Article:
This post is a follow-up post to my post on making a Golden Ratio Gauge. Watching some you-tube videos, making the gauge and searching around the house for golden ratios was just the start of a week or so of studying the golden ratio… here’s what else we did…

Making Stars

The first step is to create your own little golden ruler. I outlined this in the first four steps of making the golden ratio gauge. You draw a square and expand it to make a golden-rectangle, then expand the rectangle to make a square and expand that square to make another rectangle. At the edge of the page you should have marks showing you a large space, a smaller space and then another large space. (On my star picture the larger space is marked “length A” and the smaller “length B.”) Use your ruler to draw one line of the star, horizontally about two thirds of the way up the page. Mark off the golden ratios in it. Set a compass to allow you to draw an arc “length A” and set the tip at one of the edges. Draw the arch lightly and then set up the ruler to find the line length B that goes through the arc at the corner (marked “C”) and one other time. This tells you how to measure the angle for the second and third lines. Once those two are measured out the last one is just joining the tips.

Practicing with Decimals

At some point my son announced that the larger line in a golden rectangle is almost one and a half the smaller line. I pointed out that it was close, but not quite. The ratio is Phi, the irrational number that starts off with 1.61803. If it was one and a half, I said, it would be 1.5.

I wanted to check if he could really understand what the number Phi means. So I cut strips of paper ten centimeters long, marking off the centimeters as I went. I asked him to use the strips to make a golden rectangle using the number Phi and I gave him scissors so he could cut one of the strips apart to show 6/10ths. I asked him to make another rectangle with the smaller side 20 centimeters long, and he did that. Then I gave him strips of paper 10 inches long, without the inches marked out, and had him repeat the activity that way.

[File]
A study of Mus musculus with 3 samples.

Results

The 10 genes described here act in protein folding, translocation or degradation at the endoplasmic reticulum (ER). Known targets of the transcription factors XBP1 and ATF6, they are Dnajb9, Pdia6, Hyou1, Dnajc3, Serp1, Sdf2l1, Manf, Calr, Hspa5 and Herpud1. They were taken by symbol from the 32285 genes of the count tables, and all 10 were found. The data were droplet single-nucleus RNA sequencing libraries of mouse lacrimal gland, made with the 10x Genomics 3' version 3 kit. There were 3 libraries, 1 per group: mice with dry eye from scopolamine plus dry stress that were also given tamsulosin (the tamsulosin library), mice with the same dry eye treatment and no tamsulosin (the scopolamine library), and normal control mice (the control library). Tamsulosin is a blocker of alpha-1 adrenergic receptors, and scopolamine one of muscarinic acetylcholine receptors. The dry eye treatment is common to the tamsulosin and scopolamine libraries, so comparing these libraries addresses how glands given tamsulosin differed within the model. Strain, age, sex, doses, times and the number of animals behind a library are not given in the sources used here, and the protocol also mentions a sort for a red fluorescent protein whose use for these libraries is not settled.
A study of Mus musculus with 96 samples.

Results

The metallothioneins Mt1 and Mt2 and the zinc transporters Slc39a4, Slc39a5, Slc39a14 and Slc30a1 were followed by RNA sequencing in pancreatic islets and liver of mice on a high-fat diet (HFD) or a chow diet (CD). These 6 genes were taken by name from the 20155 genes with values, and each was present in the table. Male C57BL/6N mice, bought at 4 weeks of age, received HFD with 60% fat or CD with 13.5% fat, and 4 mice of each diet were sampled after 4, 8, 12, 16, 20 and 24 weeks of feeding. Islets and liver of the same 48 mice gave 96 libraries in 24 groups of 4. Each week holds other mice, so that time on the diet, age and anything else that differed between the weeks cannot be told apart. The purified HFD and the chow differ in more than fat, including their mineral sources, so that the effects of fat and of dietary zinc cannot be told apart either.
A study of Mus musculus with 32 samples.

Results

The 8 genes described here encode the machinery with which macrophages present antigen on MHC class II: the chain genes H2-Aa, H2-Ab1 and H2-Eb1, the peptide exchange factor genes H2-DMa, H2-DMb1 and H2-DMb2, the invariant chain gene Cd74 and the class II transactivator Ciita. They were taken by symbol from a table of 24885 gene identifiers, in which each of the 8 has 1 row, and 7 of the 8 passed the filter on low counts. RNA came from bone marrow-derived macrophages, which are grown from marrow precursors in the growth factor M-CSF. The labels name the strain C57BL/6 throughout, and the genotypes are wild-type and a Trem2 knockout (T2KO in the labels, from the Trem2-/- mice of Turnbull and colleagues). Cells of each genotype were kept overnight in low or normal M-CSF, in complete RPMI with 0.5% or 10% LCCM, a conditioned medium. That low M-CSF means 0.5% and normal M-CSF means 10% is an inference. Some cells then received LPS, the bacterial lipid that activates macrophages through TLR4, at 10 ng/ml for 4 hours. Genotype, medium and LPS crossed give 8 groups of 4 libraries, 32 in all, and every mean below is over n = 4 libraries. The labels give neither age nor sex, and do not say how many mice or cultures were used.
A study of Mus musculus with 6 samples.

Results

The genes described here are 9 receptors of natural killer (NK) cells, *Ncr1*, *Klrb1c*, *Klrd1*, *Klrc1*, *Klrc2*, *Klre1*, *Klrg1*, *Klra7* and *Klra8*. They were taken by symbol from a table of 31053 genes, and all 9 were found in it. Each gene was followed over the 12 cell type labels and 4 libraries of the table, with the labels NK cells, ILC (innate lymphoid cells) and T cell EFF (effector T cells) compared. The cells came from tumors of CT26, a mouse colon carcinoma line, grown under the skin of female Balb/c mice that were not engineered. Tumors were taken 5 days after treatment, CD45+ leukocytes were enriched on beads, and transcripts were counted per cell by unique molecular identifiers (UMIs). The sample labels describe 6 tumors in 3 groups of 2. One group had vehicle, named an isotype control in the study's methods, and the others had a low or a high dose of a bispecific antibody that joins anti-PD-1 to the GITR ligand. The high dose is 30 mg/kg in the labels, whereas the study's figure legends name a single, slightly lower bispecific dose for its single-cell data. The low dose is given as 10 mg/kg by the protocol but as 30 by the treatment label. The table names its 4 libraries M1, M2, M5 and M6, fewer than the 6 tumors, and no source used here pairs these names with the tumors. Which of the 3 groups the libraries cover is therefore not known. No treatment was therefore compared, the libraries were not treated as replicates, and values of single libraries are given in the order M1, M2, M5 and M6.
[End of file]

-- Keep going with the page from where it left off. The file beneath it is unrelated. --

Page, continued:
We talked about how his rectangles were based on 1.6, but Phi is a bit more than that. How would we get the rectangles closer to Phi? We could take one of the 1/10th pieces he hadn’t used and cut that into ten pieces, and add one of those to the longer side. Then we could take another of them and cut that into ten pieces and add eight of those. We could take one of the remaining of those pieces and cut it into ten. This time we wouldn’t add any of them, but we would take one of those and cut it into ten and add three of those. We didn’t really do all this, just talked about how we could do it, and by this time he was giggling because he could understand.

Phi and Fibonacci Numbers

I had drawn out squares using Fibonacci numbers on graph paper. The first square was one unit squared, the second one unit squared, the third two units squared, and so on. The children had learned about this spiral from Vi Hart’s video. We used our golden ratio gauges to see that the ratios were close to a golden ratio.

Then I had my oldest write out the Fibonacci sequence and I showed him with a calculator that if we divide a Fibonacci number by the Fibonacci number that comes before it the answer is reasonably close to Phi, and the larger the two numbers are the closer it comes to Phi.

Making a Poster

After we had done several explorations of Phi and the Golden Ratio we made a poster hanging some samples of our drawings and calculations. The poster is hanging in the boys room as a reminder of what they learned, though at some point I’ll probably pull everything off it to allow them to make another poster about a different number…. 🙂

I know that the children don’t really need to know anything about Phi or golden ratios. Yet exploring them gave us a chance to play with math. We could practice using a straight-edge and compass. We could practice using a calculator and dividing.  We could review decimals and ratios.